Stroke patients’ artwork on display at Stracathro

MAIN Stroke patients artwork on display at Stracathro
Chris Kelly, Pamela Scott and Jude Gove with participants from the Stroke Rehabilitation Unit at Stracathro

A collection of art and craft work created by stroke inpatients is on display at the Stroke Rehabilitation Unit at Stracathro Hospital.

Participants of the annual ST/ART programme produced a wide range of work including prints, bags, cushions and lampshades.

The ST/ART project for stroke participants is delivered by Tayside Healthcare Arts Trust (THAT) in association with NHS Tayside.

Lead artist Jude Gove and volunteer artist Pamela Scott worked with inpatients at the stroke rehabilitation unit over the past four months. They tailored a variety of processes to suit the participants using a range of printmaking and crafts techniques including mono and linocut printmaking, felting and textile products.

Participants received one-to-one sessions from Jude and had the opportunity to join in weekend group sessions which allowed participants to work together in a social atmosphere.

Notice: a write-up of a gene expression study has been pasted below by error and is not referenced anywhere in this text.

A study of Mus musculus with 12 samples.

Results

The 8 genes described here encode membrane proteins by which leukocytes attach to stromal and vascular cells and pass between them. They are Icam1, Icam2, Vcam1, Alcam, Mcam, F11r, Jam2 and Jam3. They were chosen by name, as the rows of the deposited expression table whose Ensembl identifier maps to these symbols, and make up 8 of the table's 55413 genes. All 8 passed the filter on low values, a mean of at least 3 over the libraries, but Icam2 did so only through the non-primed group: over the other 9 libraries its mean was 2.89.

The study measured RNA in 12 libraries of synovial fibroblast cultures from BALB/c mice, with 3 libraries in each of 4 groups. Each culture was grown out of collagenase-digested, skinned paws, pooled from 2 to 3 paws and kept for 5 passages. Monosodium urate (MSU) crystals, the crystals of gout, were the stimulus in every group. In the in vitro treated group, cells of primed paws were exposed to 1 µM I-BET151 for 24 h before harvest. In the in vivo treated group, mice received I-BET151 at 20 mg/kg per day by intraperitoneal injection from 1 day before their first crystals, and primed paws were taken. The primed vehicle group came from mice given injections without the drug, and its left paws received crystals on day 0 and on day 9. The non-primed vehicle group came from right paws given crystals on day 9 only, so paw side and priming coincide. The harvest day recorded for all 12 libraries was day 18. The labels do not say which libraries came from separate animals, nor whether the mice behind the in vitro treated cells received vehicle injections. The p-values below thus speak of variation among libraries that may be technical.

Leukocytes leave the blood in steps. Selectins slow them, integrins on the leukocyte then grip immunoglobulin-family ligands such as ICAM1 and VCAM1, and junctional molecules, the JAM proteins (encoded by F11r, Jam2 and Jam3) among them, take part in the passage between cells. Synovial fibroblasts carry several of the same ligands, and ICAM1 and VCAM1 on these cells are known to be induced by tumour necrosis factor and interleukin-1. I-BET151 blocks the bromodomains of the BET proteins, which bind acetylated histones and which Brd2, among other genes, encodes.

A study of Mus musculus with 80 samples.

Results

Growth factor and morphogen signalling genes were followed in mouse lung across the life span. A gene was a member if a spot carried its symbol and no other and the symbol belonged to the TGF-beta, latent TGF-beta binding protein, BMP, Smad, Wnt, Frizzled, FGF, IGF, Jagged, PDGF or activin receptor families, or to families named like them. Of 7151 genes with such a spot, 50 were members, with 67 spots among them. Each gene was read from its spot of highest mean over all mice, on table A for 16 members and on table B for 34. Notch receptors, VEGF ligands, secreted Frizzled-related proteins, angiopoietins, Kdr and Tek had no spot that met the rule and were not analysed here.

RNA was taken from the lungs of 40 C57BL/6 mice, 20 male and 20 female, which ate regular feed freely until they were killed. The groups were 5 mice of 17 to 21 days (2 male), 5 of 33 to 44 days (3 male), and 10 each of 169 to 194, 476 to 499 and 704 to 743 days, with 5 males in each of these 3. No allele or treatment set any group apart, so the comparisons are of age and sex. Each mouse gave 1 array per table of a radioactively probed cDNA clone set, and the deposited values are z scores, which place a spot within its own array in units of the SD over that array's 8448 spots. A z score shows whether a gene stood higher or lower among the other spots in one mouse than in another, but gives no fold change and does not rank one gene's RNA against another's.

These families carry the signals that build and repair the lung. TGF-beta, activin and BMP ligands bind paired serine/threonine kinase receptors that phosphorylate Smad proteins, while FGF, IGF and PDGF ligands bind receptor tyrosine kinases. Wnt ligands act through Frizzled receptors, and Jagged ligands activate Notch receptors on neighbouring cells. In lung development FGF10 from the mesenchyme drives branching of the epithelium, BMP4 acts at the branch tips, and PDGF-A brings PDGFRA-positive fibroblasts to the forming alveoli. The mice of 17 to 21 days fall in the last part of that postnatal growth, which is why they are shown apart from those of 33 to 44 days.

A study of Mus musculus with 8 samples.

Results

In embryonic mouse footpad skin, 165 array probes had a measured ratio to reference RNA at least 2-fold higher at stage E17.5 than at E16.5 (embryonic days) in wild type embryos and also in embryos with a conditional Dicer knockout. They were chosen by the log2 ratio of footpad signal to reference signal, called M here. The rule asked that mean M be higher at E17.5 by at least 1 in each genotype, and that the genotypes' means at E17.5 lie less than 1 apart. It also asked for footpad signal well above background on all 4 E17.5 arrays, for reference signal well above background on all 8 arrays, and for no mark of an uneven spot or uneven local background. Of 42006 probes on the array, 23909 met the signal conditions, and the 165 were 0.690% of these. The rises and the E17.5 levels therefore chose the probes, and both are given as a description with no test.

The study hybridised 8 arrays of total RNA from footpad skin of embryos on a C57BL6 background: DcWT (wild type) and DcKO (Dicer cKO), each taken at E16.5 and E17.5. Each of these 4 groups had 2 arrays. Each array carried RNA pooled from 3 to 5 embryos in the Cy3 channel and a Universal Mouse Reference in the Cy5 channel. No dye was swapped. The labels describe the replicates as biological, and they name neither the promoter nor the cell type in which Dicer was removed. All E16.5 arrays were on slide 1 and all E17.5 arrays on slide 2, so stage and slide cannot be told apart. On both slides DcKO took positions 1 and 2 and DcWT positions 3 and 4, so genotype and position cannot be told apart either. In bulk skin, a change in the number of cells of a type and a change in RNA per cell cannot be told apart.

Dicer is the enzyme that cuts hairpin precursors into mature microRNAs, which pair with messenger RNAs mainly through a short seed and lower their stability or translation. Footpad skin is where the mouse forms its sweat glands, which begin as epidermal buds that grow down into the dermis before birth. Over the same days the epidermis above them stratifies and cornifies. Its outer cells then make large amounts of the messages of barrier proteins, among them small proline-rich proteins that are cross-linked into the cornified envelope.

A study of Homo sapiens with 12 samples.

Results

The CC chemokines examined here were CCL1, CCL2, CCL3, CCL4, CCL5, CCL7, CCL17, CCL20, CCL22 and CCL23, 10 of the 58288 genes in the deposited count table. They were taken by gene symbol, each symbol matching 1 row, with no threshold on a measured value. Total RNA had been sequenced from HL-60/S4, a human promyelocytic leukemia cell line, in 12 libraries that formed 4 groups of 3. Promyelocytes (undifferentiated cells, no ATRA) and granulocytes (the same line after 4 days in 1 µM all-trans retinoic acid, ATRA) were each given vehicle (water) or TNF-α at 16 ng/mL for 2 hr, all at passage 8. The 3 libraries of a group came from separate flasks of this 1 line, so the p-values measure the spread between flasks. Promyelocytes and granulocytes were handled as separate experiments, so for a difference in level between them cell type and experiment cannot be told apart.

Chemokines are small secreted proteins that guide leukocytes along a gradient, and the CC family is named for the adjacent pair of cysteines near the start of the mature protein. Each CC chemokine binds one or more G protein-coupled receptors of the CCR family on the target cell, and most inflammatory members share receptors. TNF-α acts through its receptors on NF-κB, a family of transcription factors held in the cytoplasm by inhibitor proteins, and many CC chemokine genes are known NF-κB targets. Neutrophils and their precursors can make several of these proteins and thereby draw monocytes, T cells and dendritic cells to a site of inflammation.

ST/ART project coordinator Chris Kelly said, “It is gratifying to see a new group of participants being inspired by different techniques and materials. The work is always individual and they discover that being creative is good for their health and wellbeing and can make a positive contribution to their rehabilitation.

“Jude is highly experienced and has a strong relationship with the unit staff. The work she leads is integrated and is recognised for its contribution to people’s motor skills, task planning, execution and how it improves mood and builds confidence. These are all key factors in the rehabilitation journey. We could not make this important contribution without the support and belief of staff and we really appreciate their commitment which is important to the ongoing success of the programme.”

Jude said, “I have been delivering this programme at Stracathro for a number of years and every time I am welcomed as member of the team. Over the years we have evolved the work I deliver and we’re confident about the person-centred approach that we use.

“For every participant this is a new and unlikely adventure. Most participants think they will not be able to do much at all but are amazed and delighted to discover that they can. We work together to create some very accomplished pieces like the felted cushions which is a really positive, empowering experience for them.”

Charge nurse Sandie Japp added, “We know the art programme helps each individual differently but we are still amazed at what they achieve. The pieces they produce can defy their own and their families’ expectations and the work often becomes a marker of their journey.”